Climate change puts ecosystems on the run
As global warming heats up the surface of the Earth, ecosystems will physically shift. The question is, will the plants and animals inhabiting those ecosystems be able to keep up or will they be left behind? If they can't keep up, some species may die out.
To keep up with global warming, the average ecosystem will need to shift its physical boundaries about a quarter mile each year, says a new study led by scientists at Stanford University and the Carnegie Institution. For some habitats, especially in low-lying areas, climate belts are moving even faster, putting many species at risk of being left behind, especially where human development has blocked migration paths.
"Expressed as velocities, climate-change projections connect directly to survival prospects for plants and animals. These are the conditions that will set the stage, whether species move or cope in place," says study co-author Chris Field, professor of biology and of environmental Earth system science.
The research team, which included researchers from Stanford, the Carnegie Institution, the California Academy of Sciences, and the University of California, Berkeley, combined data on current climate and temperature gradients worldwide with climate model projections for the next century to calculate the "temperature velocity" for different regions of the world. This velocity is a measure of how fast temperature zones are moving across the landscape, either to higher elevations or higher latitudes, as the planet warms – and how fast plants and animals will need to migrate to keep up.
The researchers found that as a global average, the expected temperature velocity for the 21st century is 0.42 kilometers (0.26 miles) per year. But this figure varies widely according to topography and habitat.
In areas of high topographic relief, where species can find cooler temperatures by climbing a nearby mountain, velocities are relatively low. In flatter regions, such as deserts, grasslands, and coastal areas, species will have to travel farther to stay in their comfort zone and velocities may exceed a kilometer per year.
Can the planet's ecosystems keep up? Plants and animals that can tolerate a wide range of temperatures may not need to move. But for the others, survival becomes a race. After the glaciers of the last Ice Age retreated, forests may have spread northward as quickly as a kilometer a year. But current ecosystems are unlikely to match that feat, the researchers say.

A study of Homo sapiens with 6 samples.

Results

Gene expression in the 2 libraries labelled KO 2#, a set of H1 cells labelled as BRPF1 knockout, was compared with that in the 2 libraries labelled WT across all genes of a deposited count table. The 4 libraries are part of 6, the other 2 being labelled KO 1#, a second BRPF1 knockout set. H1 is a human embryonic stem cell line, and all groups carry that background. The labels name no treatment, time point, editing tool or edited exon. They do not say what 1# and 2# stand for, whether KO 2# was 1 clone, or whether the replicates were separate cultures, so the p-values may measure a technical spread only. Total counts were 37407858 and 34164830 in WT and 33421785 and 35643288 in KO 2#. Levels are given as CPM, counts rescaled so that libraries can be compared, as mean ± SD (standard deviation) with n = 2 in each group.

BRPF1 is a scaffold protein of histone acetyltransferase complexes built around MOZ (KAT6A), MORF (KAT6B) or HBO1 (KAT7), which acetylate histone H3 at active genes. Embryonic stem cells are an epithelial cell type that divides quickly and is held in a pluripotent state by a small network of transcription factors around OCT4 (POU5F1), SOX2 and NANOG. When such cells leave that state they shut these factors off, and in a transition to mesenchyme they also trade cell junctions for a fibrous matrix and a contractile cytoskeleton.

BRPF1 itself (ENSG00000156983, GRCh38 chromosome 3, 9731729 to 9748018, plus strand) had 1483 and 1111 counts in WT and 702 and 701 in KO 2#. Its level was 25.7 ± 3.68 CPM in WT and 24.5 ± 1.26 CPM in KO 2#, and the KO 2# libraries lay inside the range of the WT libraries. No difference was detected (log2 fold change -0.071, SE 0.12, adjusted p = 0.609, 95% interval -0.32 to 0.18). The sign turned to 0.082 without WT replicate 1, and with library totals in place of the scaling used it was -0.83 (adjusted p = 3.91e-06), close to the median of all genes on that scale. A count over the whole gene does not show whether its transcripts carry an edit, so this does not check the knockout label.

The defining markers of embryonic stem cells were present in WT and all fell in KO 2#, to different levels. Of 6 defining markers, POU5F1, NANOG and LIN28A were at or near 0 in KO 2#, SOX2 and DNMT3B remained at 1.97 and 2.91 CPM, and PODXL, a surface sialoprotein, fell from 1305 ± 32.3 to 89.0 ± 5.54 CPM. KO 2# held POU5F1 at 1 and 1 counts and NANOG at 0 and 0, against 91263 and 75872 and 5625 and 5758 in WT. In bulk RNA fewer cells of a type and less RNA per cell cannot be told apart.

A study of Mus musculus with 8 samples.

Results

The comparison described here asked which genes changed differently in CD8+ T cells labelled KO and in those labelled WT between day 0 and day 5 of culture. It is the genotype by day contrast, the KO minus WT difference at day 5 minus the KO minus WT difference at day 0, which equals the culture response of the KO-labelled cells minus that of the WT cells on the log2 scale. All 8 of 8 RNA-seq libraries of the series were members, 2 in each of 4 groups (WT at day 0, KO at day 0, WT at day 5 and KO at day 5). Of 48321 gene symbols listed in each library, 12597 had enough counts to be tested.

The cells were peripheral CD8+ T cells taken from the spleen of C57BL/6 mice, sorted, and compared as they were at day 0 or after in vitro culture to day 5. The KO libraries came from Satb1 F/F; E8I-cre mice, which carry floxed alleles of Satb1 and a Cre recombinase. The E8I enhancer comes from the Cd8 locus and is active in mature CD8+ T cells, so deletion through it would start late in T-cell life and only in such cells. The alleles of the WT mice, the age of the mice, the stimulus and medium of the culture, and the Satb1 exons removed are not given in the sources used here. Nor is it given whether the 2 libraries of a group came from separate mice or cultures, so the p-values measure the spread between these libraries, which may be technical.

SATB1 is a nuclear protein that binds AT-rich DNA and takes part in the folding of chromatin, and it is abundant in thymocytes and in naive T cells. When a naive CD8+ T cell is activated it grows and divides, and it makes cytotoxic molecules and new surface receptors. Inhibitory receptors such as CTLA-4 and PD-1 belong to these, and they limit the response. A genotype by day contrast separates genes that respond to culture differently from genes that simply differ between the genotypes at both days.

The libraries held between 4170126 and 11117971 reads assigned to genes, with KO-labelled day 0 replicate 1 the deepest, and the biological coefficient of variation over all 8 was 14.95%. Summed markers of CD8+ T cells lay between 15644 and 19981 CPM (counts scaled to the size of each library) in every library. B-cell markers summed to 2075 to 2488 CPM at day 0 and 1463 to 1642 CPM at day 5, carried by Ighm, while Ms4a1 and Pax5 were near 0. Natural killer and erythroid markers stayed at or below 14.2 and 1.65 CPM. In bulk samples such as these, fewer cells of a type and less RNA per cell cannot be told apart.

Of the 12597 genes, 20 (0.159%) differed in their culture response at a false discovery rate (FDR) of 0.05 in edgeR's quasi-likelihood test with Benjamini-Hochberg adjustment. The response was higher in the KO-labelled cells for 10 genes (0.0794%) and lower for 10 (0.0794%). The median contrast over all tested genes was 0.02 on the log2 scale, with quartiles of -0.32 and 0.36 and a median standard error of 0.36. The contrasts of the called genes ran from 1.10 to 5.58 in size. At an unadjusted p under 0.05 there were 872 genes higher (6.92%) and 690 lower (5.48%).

Nearly a third of the habitats in the study have velocities projected to be higher than even the most optimistic plant migration estimates.
Even more problematic is the extensive fragmentation of natural habitats by human development, which will leave many species with nowhere to go, regardless of whether their migration rates are fast enough to let them keep up with the geographical shifting of their habitats.
Protected areas such as nature reserves are generally too small to accommodate the expected habitat shifts. According to the study, less than 10 percent of protected areas globally will maintain current climate conditions within their boundaries 100 years from now. This will be a challenge for many species adapted to highly specific conditions, especially if migration to new habitats is blocked.
Scott Loarie, a postdoctoral fellow at the Carnegie Institution and lead author of the paper, pointed out that an appreciation of climate velocities could stimulate discussions about sound management for climate change, from the design of nature reserves to the planning of assisted migrations for affected species. He added that it should also stimulate discussion about strategies for minimizing the amount of warming to help put the brake on climate velocity.
In addition to his professorships in biology and environmental Earth system science,
Chris Field is a senior fellow at Stanford's Woods Institute for the Environment and director of the Carnegie Institution's Department of Global Ecology.
The paper is scheduled for publication in the journal Nature on 24 December. The research was funded by Stanford's Global Climate and Energy Project, and the Gordon and Betty Moore Foundation.